It’s one of the dirtiest little secrets in ministry.
And it’s a secret that infects a lot of us–from senior pastors to support staff members, youth leaders to volunteers, program directors to musicians.
I’m guilty.
And I bet you have been at some point, too.
The dirty little secret is this: sometimes, we give into that temptation to take the lazy road in our ministries.
I’ll be an open book and give you a personal example that I was dealing with recently. This year, instead of having just one large Christmas party for our middle school kids, we decided to have two big parties at two of our church sites. Translation? Twice the volunteers, twice the supplies, twice the planning and shopping, twice the challenges.
I know, you optimists will all say, “Oh, but don’t forget that you have twice the joys!”
My tiny car was jam-packed full of supplies, and I had a boatload of cookies to go home and bake in order to prep for the event–not to mention a house to clean, presents to wrap, dogs to walk, appointments and meetings to prepare for, along with dozens of other things to accomplish on my to-do list.
I only had one thing to do: write the devotion for the event.
That’s when the temptation snuck in:
“Surely you don’t have to write a new devotion for this group from scratch. You don’t need to spend time thinking about what they need to hear, what Truth you can share with them, what will affect them the most–just grab something off the shelf and use that. Come on, you don’t have time for this. You’ve done this a thousand times–just wing it. No one will ever know the difference.”
The temptation to turn off our brains and spend less effort, less time and less consideration in what we’re doing in our ministries is ever-present. Taking the lazy road in ministry takes different forms: popping in a movie instead of critically evaluating and re-writing an important Bible study, writing off a student or parent because they’re a bit difficult to handle or copying and pasting every idea from the internet and not really caring if it actually works for our ministry or not.
Maybe, for some of us, it’s the temptation to gravitate towards the people that we feel most comfortable with, instead of intentionally spending time with those who seem to drive us a little batty.
Perhaps it’s the temptation to use the same curriculum that we wrote twenty years ago, because it’s just too much trouble to get to know this new generation and discern what they need to learn.
Sometimes it doesn’t seem like such a big deal. I mean, there’s likely something worthwhile that others will get out of it even if we do grab something off the shelf or pop in a lame movie. And someone else can handle those people we prefer not to chat with on a Sunday morning–heck, they might actually enjoy it. Furthermore, how much can teenagers have changed in twenty years? We can still use the same illustrations–these kids will know what a typewriter or car phone is, right?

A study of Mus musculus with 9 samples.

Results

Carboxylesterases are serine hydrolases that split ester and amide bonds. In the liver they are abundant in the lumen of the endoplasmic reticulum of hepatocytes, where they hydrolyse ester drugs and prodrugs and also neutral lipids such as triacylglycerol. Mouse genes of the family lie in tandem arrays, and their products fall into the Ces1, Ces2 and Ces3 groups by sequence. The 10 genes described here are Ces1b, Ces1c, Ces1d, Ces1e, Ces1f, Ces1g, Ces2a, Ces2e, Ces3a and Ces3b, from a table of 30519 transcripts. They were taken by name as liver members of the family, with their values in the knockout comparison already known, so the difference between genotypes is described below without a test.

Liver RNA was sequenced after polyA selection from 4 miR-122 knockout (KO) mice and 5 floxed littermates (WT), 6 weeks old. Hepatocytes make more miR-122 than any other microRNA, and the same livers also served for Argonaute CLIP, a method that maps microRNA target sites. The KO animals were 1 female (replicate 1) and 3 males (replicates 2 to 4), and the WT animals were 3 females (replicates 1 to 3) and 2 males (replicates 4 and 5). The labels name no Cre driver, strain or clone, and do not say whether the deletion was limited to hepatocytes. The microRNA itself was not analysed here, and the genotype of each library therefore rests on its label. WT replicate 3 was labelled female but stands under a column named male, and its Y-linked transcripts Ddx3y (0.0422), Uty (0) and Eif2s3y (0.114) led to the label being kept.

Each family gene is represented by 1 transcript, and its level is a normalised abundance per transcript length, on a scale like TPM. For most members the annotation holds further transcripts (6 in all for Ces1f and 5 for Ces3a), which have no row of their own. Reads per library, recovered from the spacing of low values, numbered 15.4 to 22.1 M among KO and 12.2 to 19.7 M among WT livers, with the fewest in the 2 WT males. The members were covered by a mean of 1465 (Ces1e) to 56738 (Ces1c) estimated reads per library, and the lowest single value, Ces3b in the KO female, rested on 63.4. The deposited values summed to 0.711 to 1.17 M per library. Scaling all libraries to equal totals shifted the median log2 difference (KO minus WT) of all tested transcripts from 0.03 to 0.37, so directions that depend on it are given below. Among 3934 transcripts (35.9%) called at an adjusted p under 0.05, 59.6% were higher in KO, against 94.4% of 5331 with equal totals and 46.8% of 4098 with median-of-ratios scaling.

We can find any number of reasons to justify our laziness. But I suspect we don’t often think about how this slack attitude can affect the rest of our lives, and that’s where it gets darkly serious.
What about the temptation to slide into home base–uh, I mean a comfy church pew–and let the sermon drift in one ear and out the other, instead of allowing the “living and active” Word of God to pierce our hearts (Hebrews 4:12)?
Or what occurs when we allow the temptation to skip our own personal prayer life or time in God’s Word to take root, because we’re constantly scanning Bible verses as we get ready to teach kids–and those “Dear Jesus, help me not smack this annoying teenager with my catechism right now” prayers have gotta count for something, right?
How would our lives look if we completely disconnect from the people around us, refusing to “hold out the word of life” to those drowning in a “crooked and depraved generation”, who desperately need to know the endless love and forgiveness offered to them by our Savior (Philippians 2:14-16)?
The Bible certainly doesn’t say, “Do mostly everything to the glory of God, except for those few things you still enjoy slacking off on because we all know you work too hard and/or your life is too busy to have your A-game on in every facet of your life”.
No, 1 Corinthians 10:31 urges us “whether you eat or drink or whatever you do, do it all for the glory of God.”
Dietrich Bonhoeffer once said, “We must be ready to allow ourselves to be interrupted by God…. We must not…assume that our schedule is our own to manage, but allow it to be arranged by God.” To me, this is a gentle reminder of an important truth: I am here by God’s grace, to fulfill the duties that God has set before me in His timing. He didn’t gift me with talents He wanted me to waste needlessly, nor did He surround me with people or opportunities He wanted me to ignore.
Even when it means spending more time studying and evaluating, writing and preparing, enduring the circumstances and people we don’t really want to deal with, we’re called to do it all for the glory of God.
After all, God certainly teaches us some incredibly profound lessons in the midst of the moments when we’re out of our comfort zone, at the end of our rope, overwhelmed beyond belief and learning something from scratch. We may encounter again the living God in a fresh reading of His Word, and be transformed ourselves once more by His grace in Christ, crucified for us. Forgiven and restored by His Promise, He will give us a fresh way to bring that Promise to others.
And that’s a little secret I’m more than willing to share.